The little girl skipped through the lavender on the hillside. In her hand hangs a posy of made of paper daisies, lavender, reeds and various other flowers that I couldn’t immediately identify.
She is about nine years old, wearing a plain light summer dress which was a little inappropriate as the chill of winter had not yet departed. Her face had memories of fun and play in the days gone past smudged into her soft yet wind beaten skin.
The carefree young girl stops, raises her hand to her face and inhales the fragrance of the flowers. She smiles and continues to skip down the hill, singing a song in a language of her own to a tune never before heard by human ears.
She sees me watching her, stops, waves then changes direction to come toward me.
“Hello”, she says nonchalantly.
“Hello” I reply, “who are the pretty flowers for?”
“They are for me” she said, “I will keep them for always.”
“But taken away from their mother plant they will eventually die”
“Oh but not these flowers” she said “I have chosen flowers whose beauty and fragrance will last forever. Lavender is pretty now, and doesn’t lose its colour. Its fragrance is in the leaves which when crushed emit a stronger smell. The everlasting daisies and paper daisies never lose their beauty – even when cut from the plant and left in a vase till the water is all gone.”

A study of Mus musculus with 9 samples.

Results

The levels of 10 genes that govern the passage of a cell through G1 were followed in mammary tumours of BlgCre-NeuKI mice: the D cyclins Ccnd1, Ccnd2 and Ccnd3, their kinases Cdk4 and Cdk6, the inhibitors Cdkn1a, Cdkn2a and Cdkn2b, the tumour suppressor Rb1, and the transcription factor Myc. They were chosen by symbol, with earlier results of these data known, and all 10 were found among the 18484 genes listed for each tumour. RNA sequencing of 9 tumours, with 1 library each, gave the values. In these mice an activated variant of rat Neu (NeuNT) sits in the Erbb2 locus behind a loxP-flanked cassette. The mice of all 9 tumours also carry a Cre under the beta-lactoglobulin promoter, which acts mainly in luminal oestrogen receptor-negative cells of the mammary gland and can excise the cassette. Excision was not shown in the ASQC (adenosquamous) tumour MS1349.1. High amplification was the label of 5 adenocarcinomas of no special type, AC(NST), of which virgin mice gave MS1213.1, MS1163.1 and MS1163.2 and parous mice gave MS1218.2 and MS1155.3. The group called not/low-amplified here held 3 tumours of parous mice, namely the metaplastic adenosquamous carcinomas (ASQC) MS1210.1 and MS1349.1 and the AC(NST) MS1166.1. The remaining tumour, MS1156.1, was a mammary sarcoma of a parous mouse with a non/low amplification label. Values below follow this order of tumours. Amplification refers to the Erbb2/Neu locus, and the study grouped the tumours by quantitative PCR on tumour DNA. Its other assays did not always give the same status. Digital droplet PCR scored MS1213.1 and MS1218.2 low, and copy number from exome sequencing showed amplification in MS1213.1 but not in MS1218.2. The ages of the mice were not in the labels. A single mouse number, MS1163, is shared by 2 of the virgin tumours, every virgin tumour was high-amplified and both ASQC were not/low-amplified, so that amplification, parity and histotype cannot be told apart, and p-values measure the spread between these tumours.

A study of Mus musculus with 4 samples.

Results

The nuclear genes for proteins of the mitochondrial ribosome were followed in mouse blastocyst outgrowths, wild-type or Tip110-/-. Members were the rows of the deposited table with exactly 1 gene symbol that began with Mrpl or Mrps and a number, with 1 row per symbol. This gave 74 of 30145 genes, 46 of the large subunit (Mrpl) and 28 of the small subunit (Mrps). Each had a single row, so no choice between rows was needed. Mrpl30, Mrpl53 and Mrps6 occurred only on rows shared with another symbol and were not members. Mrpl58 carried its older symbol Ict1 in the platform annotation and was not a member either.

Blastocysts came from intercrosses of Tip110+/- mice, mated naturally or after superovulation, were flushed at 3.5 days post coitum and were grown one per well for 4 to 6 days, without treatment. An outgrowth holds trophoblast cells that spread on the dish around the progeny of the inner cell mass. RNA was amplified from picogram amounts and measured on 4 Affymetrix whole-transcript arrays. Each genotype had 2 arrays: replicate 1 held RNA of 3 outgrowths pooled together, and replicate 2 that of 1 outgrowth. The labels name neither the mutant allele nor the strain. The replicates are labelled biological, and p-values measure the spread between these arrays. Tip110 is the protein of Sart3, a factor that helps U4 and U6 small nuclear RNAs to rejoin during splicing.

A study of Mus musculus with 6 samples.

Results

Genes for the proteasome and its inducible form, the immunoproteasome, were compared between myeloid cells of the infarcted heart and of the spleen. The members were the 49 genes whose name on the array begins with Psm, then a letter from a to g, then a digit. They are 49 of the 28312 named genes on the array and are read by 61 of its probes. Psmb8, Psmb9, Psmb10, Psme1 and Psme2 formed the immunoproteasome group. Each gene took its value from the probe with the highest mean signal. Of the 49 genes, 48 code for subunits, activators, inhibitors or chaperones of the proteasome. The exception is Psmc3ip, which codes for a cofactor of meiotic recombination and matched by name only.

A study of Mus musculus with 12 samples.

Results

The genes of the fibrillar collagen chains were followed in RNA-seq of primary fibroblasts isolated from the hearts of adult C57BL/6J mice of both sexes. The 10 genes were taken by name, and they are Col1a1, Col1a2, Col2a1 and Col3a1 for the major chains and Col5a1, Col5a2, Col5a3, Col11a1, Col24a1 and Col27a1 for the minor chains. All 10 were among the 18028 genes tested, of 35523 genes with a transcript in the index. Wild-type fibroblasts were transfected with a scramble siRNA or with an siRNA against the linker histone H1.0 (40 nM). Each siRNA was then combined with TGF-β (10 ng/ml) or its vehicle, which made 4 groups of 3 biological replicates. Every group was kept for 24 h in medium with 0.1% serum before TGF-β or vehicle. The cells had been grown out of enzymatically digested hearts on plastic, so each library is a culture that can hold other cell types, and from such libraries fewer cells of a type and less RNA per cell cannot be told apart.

“But people” I quipped “Can’t live alone; we need others to nurture us, to feed us. We need to be part of the garden.”
“Yet the Bunyan tree can exist in the desert. It doesn’t need anyone or anything to help it survive”
Her wisdom was beyond her years. She amazed me with her words, her innocent beauty and her boldness.
“Are you not afraid to be out here alone?”
“Oh, I am not alone. My mother and father are here with me.” She tried to explain to put me at ease.
“Can you take me to them?” I asked. I undid the top buttons of my uniform tunic, slung my rifle over my shoulder as she took me by the hand to lead me to her parents.
Over the next hill we sighted a small cottage. It was a humble goat herder’s cottage. It didn’t look out of place on the hillside alone. As we neared I could see it was riddled with bullet holes.
I let go of the girl’s hand, brought my gun to the ready and removed the safety then gingerly entered the cottage. There, on the floor, lay a local woman and a man still holding her hand. Unlike the lavender, the beauty of this little girl’s parents had long since departed.